Occupying the Fatuous State of Severity: A Mixed Reality Exhibition opened last month, inviting people to enter a technological portal that takes on the stigma of mental illness in black communities. Nickita Maesela explores the show’s artistic response to the twisted tales shared in Phumlani Pikoli's book.
The enduring stigma surrounding mental health in the country, particularly in black communities, sits heavily among our families, in our relationships, workplaces and even churches, forcing many who live with mental illness to remain silent.
The shame is detrimental, making the need for black people to initiate conversation around mental illness a matter of urgency.
Occupying the Fatuous State of Severity: A Mixed Reality Exhibition, an interpretation of 31-year-old Phumlani Pikoli’s book, The Fatuous State of Severity, made its debut in Johannesburg last week. It takes viewers through a sonic and visual expedition of mental health.
Pikoli’s first self-published book gave the world a collection of 21 short stories written during his time in a psychiatric clinic.
The recreated visions of that collection are reflective of subdued human conditions and invite viewers to interact with visual interpretations of his twisted tales that touch on issues of race, politics and mental illness.
Walking into the two rooms in which the exhibition takes place, I felt a deep sense of calmness amid apparent chaos that was foregrounded by echoing visuals on the walls. I’d soon experience the full extent of the work through virtual and augmented reality. I was prepared to enter Pikoli’s personal Netflix Black Mirror episode.
The exhibition is a result of a collaboration between young artists Bale Legoabe, Skumbuzo Salman and Felix Laband.
A scene ridden with palpable melancholy, insidious lines, clinical colours and striking shapes is what stood out devotedly in Legoabe’s work. The artist’s digital art style forms images of a rebellion, used to augment displayed art in the real world.
It is seen by the viewer holding up a hand-held screen pointed at particular points in the room, each marked by a black X. The work ensures that resonance of discomfort is present.
This work is reflective of the unheard of, invoking the uncomfortable conversations about mental health that we find ourselves having in our heads because of fears of stigma.
The exhibition is a depiction of aspects of the human condition through technology and visual art.
The surrealist expeditions through virtual reality (VR) and the VR headset over your eyes leave you blind to the current world, instead expanding your senses with experiences within.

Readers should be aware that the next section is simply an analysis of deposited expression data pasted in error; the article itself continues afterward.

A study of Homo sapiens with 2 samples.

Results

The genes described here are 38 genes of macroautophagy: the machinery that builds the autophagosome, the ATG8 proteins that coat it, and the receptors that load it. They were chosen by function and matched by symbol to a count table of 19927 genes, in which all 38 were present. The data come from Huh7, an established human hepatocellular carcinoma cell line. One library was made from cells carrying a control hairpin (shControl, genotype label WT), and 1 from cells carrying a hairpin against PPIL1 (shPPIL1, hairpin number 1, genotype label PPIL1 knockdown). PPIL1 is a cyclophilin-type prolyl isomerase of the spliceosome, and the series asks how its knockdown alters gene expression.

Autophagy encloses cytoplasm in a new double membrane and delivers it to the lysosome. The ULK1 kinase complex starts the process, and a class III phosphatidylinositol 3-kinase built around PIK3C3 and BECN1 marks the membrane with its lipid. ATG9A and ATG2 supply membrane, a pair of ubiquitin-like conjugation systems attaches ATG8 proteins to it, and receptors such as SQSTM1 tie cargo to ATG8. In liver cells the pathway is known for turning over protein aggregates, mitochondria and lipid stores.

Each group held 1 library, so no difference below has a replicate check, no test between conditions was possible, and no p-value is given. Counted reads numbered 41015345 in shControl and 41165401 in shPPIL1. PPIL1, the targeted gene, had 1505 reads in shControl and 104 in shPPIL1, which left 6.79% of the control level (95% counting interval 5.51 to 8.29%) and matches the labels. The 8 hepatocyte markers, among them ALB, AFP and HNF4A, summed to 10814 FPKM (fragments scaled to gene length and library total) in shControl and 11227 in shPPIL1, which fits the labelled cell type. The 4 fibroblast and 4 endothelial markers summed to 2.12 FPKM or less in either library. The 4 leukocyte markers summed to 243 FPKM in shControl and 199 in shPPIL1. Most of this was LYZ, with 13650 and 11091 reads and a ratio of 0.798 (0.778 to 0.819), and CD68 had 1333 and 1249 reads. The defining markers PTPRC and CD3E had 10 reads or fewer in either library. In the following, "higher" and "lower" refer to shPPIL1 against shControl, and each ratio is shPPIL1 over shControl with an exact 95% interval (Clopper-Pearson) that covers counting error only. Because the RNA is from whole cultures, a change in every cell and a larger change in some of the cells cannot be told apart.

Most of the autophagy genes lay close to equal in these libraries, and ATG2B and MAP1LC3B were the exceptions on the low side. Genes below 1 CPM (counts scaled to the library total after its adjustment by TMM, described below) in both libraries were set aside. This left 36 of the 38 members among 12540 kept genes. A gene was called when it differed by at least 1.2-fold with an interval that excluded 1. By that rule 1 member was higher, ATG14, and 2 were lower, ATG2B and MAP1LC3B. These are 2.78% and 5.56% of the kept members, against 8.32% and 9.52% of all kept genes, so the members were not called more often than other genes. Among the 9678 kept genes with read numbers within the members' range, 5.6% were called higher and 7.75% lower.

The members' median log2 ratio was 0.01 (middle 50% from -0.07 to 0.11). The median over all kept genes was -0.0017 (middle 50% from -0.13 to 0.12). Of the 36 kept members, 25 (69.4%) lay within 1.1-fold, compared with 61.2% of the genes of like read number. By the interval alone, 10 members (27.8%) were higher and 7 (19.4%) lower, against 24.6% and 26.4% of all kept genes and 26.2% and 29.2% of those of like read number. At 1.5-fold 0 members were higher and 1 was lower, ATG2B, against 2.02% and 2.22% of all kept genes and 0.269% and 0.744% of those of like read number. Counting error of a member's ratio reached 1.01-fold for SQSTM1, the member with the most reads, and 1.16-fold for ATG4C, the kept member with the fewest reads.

The first headset I put on, paired with headphones, took me on a journey through monologues performed by people wearing all black. I heard speaking before seeing anything. Then I was guided by a glimmer of light directing me to turn my head and body either left or right, bringing the owners of the voices into sight.
It felt like I was watching a show at The Market theatre in Johannesburg, but in reality I was seated on a barstool in Rosebank’s TMRW Gallery. The experience is an entry into a portal that is the visual re-imagining of Pikoli’s book.
VR is an artificial environment that is created with software and presented in such a way that the user suspends belief and accepts the new reality as a real environment.
The show also uses augmented reality, which takes our current reality and adds something to it.
Like surrealist imagery, the artwork is perplexing, elusive and jolts the viewer out of their comfortable assumptions.
Displacement and feelings of confusion permeate the augmented reality version of the work. The whole exhibition acts as a mirror showing us the reflection of a nation in disarray, in dire need of a healing that can only be facilitated by talking about mental illness.
Another art piece features a VR portal filled with words of affirmation floating around in a dream-like setting with pastel colours and bold words moving around in what can be perceived as the clouds, or heaven, as often depicted in cartoons and romcoms.
This part takes the audience through a breathing regulation exercise that I found to be grounding. It was a complete escape from the immediate surroundings which had strangers and familiar faces walking around, talking loudly and with electronic music reverberating throughout the gallery.
The piece is a reminder that we often are never given the time to take a moment to breathe and to escape in a healthy way that contributes to attempts at healing.
The exhibition essentially brings to life the black community’s categorisation of mental illness as a figment of the imagination. Pikoli, Legoabe, Salman and Laband have taken the first step towards dispelling taboos around mental health.
The more we talk about mental illness, the more comfortable people will be in seeking help and understanding that they are not alone.
As much as the work responds to Pikoli’s exploration of mental illness and the time he was institutionalised, it also indirectly comments on a generation that is trying to heal from society’s aches and pains. The work speaks to a generation experiencing a psychological response to the severe inequality and trauma that persists today.